But she had to chose, and it was a hard choice indeed. She wanted both, knowledge and love. She walked from one stand to the other, thinking hard. And then, suddenly and unexpectedly, everything shattered; everything apart from the globe. Catalina was surprised, but she understood why it had happened. She was torn between the owl and the globe, and whoever the voice had belonged to had shattered everything but for the item she desired the most. And deep down inside heart, she had always known it was love.
She took the globe in her hands again. The air inside shimmered again, and a verse appeared.
“Thee shalt harvest the fruit of love
And with it other treasures thee shalt gain,
But first thee need to overcome hardship
For there is no gain without pain”
She stepped outside that peculiar chamber, and found herself within the city. She asked for direction, but no one replied. She asked for a place to stay, but no one answered her. But the city wasn’t empty, it was full with people chatting and greeting each other. It was like any other typical cities, with the exception that Catalina did not existed here. She was treated with indifference, and that was even worse than being treated with hatred. Hatred at least showed that one acknowledged one another, even though not kindly. Indifference meant that everyone treated Catalina as though she didn’t exist, even though she was standing right next to them. Then she understood why.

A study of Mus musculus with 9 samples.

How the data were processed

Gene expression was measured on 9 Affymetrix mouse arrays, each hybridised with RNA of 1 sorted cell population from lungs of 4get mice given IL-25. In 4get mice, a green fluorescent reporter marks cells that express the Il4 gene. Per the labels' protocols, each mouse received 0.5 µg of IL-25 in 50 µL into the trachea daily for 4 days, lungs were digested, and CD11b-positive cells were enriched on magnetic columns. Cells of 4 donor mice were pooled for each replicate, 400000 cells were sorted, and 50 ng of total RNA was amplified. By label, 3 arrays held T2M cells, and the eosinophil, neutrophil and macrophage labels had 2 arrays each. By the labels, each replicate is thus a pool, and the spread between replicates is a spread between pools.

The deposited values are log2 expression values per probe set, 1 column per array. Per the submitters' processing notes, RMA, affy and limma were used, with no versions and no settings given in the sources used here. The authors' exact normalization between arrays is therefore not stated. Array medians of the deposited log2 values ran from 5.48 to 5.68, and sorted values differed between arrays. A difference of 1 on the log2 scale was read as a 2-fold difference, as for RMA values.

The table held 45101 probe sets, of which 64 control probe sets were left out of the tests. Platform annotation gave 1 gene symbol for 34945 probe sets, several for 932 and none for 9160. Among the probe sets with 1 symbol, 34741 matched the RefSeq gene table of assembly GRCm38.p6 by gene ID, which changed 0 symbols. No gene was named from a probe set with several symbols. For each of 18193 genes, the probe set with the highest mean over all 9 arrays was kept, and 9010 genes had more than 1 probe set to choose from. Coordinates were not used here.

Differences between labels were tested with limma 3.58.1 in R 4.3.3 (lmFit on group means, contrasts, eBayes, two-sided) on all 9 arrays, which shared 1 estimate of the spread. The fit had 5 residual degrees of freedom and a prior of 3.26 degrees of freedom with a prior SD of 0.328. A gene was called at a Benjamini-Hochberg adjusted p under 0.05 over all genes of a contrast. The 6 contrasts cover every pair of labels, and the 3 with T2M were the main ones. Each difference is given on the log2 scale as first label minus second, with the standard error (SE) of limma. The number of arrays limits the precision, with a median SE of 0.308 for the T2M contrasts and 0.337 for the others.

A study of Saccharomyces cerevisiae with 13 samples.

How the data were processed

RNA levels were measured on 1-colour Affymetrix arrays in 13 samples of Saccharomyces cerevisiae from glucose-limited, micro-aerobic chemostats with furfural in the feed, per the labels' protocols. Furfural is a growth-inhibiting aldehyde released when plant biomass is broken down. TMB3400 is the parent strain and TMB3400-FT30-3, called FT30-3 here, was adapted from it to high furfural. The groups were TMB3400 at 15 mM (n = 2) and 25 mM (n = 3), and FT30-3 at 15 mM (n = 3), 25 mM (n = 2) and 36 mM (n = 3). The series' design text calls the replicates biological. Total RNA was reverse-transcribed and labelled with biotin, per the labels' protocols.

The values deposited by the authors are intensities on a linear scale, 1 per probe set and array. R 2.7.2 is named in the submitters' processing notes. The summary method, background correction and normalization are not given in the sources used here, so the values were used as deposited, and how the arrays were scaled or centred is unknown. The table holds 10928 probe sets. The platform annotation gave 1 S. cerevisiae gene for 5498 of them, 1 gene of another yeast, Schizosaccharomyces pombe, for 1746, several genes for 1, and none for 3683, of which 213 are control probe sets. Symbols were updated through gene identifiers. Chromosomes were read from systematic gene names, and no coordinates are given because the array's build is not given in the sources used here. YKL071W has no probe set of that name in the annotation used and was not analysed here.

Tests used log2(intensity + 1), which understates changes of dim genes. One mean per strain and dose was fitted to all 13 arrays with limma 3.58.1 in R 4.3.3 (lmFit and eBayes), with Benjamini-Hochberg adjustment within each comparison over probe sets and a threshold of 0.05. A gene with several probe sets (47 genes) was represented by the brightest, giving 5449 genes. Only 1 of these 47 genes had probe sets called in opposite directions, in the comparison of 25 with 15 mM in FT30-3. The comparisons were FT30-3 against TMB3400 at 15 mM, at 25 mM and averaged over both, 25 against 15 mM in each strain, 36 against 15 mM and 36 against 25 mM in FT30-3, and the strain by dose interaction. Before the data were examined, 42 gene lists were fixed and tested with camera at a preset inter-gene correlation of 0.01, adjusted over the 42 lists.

It was the price to pay for her choice of love. Indifference is the opposite, and having experienced it would ensure that she fully appreciated the gift when it was time to go. Willing herself not to loose hope, she lived in that city for a year, taking food and water and repaying it by doing small chores at night. She reminded herself who was on the other side of the wall, and worked away. She suffered much pain, but willed herself to ignore it. Then one day the crystal ball gave off a shimmering light, and she took it out of her pouch. The verse that had appeared in the choosing chamber had appeared once again, only slightly different.
“Thee have harvested the fruit of love
And with it other treasures thee have gained,
For thee have overcome hardship
And understood that there is no gain without pain”
She left the city. The verse was the signal that she no longer had to suffer the hardship. She trudged on wearily, exhausted from the wisdom she had acquired. She passed towns and villages, where girls her age were either engaged or were already a mother. She looked at herself, coming into her twentieth year, and sighed. She was on the verge of passing the marriageable age, and she knew she would never marry. Her heart was made for Jonathan only, and now he was beyond her reach.